How International HR can help expats avoid trailing spouse syndrome

May 09, 2019

Studies show the number one reason for expat failure are ‘family related issues’. These may include trailing spouse syndrome, career issues or lack of practical support. This is a significant problem for International Human Resource (IHR) Managers.

Expat failure is a costly exercise for a business. Research by PwC and the Cranfield School of Management show most expat assignments cost over $300,000 per year and almost one in ten returns early from expatriate assignment. International Human Resource Managers have an important role to play in minimising expat failure within their organisation.

To put an effective plan in place it’s important to understand some of the family-related issues that may cause an assignment to fail.

Making the decision to move is a challenging one. It is going to take the expat candidate and their partner time to analyse:

  • The degree of change
  • Impact on their careers
  • Impact on their family

Ensuring all elements have been carefully considered by both parties will help the candidate and their spouse make the right decision and prevent difficulties further down the line.

Making an international move for an expat role can be stressful for the partner of an expat. The logistics coupled with the emotional wrench of saying goodbye to family and friends can make this period difficult. Resentment can build if the partner does not feel well supported during this time.
If the move is a significant cultural change, a period of culture shock is not uncommon. Although you may provide pre-assignment training to help the assignee cope, similar training may not be available for their partner.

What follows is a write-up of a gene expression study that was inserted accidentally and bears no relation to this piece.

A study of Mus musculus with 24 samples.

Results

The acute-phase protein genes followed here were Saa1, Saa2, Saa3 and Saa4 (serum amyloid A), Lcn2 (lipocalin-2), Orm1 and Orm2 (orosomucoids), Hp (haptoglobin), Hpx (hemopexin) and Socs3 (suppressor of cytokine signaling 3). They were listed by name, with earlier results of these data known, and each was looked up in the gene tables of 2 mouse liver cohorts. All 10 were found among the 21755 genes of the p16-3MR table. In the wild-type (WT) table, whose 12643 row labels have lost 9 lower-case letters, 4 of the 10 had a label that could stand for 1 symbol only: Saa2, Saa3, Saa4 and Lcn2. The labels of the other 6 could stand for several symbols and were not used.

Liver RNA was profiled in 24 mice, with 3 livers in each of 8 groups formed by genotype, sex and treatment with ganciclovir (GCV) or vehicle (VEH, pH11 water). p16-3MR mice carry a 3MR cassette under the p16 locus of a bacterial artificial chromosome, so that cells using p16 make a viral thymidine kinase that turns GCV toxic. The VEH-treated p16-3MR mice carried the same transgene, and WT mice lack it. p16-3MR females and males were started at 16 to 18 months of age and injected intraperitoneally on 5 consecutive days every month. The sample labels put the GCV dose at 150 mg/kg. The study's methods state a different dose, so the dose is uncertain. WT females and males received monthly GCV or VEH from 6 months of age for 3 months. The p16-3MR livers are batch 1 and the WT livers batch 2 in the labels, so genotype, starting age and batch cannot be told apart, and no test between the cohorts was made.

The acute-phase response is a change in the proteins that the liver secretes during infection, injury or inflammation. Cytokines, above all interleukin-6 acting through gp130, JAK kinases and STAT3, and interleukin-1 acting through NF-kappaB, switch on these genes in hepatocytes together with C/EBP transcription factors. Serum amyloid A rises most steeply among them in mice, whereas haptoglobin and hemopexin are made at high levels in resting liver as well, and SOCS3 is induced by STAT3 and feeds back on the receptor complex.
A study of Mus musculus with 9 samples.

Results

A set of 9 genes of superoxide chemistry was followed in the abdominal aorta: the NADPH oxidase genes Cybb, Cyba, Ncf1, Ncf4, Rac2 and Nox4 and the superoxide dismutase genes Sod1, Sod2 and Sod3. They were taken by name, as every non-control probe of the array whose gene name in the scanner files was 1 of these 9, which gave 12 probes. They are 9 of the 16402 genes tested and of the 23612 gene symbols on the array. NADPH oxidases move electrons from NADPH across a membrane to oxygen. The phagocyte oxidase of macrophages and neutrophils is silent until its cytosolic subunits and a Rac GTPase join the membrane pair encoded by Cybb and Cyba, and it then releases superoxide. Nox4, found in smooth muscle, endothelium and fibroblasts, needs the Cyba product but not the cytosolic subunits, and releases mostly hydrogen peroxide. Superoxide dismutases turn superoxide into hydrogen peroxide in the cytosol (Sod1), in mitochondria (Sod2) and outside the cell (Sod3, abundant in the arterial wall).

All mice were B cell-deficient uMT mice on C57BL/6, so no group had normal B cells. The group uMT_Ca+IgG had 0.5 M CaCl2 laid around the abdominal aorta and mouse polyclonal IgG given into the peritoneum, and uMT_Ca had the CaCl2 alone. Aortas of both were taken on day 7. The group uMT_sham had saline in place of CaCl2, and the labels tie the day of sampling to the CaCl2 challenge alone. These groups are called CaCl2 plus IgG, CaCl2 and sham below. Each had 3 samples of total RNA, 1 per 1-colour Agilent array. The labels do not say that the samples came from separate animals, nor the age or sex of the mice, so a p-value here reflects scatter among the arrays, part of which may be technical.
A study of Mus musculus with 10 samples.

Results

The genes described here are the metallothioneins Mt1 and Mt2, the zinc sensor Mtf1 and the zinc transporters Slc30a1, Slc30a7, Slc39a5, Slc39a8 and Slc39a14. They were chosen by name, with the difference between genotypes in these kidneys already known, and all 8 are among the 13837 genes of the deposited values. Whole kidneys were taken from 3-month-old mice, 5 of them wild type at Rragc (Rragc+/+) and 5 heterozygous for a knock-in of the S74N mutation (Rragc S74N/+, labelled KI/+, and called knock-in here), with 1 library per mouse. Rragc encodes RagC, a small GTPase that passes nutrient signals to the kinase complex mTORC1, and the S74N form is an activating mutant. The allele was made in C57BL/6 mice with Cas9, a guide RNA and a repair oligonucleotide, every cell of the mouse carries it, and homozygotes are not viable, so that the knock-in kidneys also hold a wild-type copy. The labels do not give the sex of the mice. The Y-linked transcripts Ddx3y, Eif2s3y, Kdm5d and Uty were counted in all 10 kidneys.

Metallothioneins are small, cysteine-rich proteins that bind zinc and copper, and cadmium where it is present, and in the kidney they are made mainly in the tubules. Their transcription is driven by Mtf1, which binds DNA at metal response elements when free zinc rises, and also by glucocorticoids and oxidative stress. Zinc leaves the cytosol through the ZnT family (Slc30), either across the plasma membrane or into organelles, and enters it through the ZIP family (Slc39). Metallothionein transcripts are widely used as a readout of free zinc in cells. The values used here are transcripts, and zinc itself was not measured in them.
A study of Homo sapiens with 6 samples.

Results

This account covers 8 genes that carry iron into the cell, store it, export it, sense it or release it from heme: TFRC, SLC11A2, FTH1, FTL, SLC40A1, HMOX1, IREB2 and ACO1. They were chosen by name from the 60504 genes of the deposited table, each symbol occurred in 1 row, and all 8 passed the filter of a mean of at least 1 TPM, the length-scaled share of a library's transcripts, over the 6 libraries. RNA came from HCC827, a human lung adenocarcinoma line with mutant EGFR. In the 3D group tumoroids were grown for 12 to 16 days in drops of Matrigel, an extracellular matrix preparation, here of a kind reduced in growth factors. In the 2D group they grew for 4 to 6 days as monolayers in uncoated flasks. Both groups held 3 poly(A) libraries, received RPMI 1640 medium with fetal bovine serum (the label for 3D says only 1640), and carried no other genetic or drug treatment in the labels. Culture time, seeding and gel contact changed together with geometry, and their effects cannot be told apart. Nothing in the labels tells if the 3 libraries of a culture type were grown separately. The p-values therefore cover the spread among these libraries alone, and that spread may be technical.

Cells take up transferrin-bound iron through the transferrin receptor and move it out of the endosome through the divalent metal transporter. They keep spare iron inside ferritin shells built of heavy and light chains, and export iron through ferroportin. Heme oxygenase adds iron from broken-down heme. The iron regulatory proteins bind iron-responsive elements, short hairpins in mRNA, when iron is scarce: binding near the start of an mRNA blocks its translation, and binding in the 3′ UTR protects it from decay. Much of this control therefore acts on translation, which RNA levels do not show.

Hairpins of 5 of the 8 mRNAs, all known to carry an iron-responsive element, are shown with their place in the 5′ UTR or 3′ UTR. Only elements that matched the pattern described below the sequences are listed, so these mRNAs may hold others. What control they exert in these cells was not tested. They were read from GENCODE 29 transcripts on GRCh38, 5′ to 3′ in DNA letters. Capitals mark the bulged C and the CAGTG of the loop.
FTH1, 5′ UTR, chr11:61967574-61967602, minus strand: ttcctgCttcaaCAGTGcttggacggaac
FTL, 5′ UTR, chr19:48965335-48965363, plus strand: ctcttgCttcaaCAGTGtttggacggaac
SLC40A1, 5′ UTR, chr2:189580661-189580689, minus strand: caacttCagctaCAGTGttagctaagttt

Once moved, the expat assignee may be busy with their new role, building connections and making an immediate impact in their work environment. It’s crucial to remember that their partner may not be working, so the absence of family and friends might be more acute for them.
IHR managers can help trailing spouses succeed in a number of ways: 

Ensure partners are included in pre-assignment training because they are likely to face many of the same challenges in their new home. Language barriers and adjusting to a new culture will be just as difficult for them.

This also shows the assignee commitment from your company towards their family, helping to foster a feeling of unity between the couple.

Elements of pre-departure training that partners should be present for include:

  • Cultural overview
  • Language lessons
  • Education
  • Spousal associations (if available)
  • Practical support for the move
Helping the assignees partner obtain a work permit and navigate the job market in their new country may be invaluable to the overall success of an international relocation. A spouse who is used to having a career of their own may really struggle if they can’t find a job in their new location.
A well-designed relocation package that includes financial support for the move allows the assignee and their partner focus on the move itself rather than the logistics of how it is going to happen.
Traditionally trailing spouses may have been women but this is not the case anymore. Ensure provision is made for the challenges a male trailing spouse may face in a new country. It is also important to consider LGBT+ employees and how their partner can be supported during a move. Special provision will need to be made if they are moving to a country that is hostile towards same sex couples. 
Away from the logistics and emotional toll of moving abroad, don’t let access to quality healthcare become a concern for assignees and their partners. Ensure all your expat employees are part of an international corporate health insurance plan.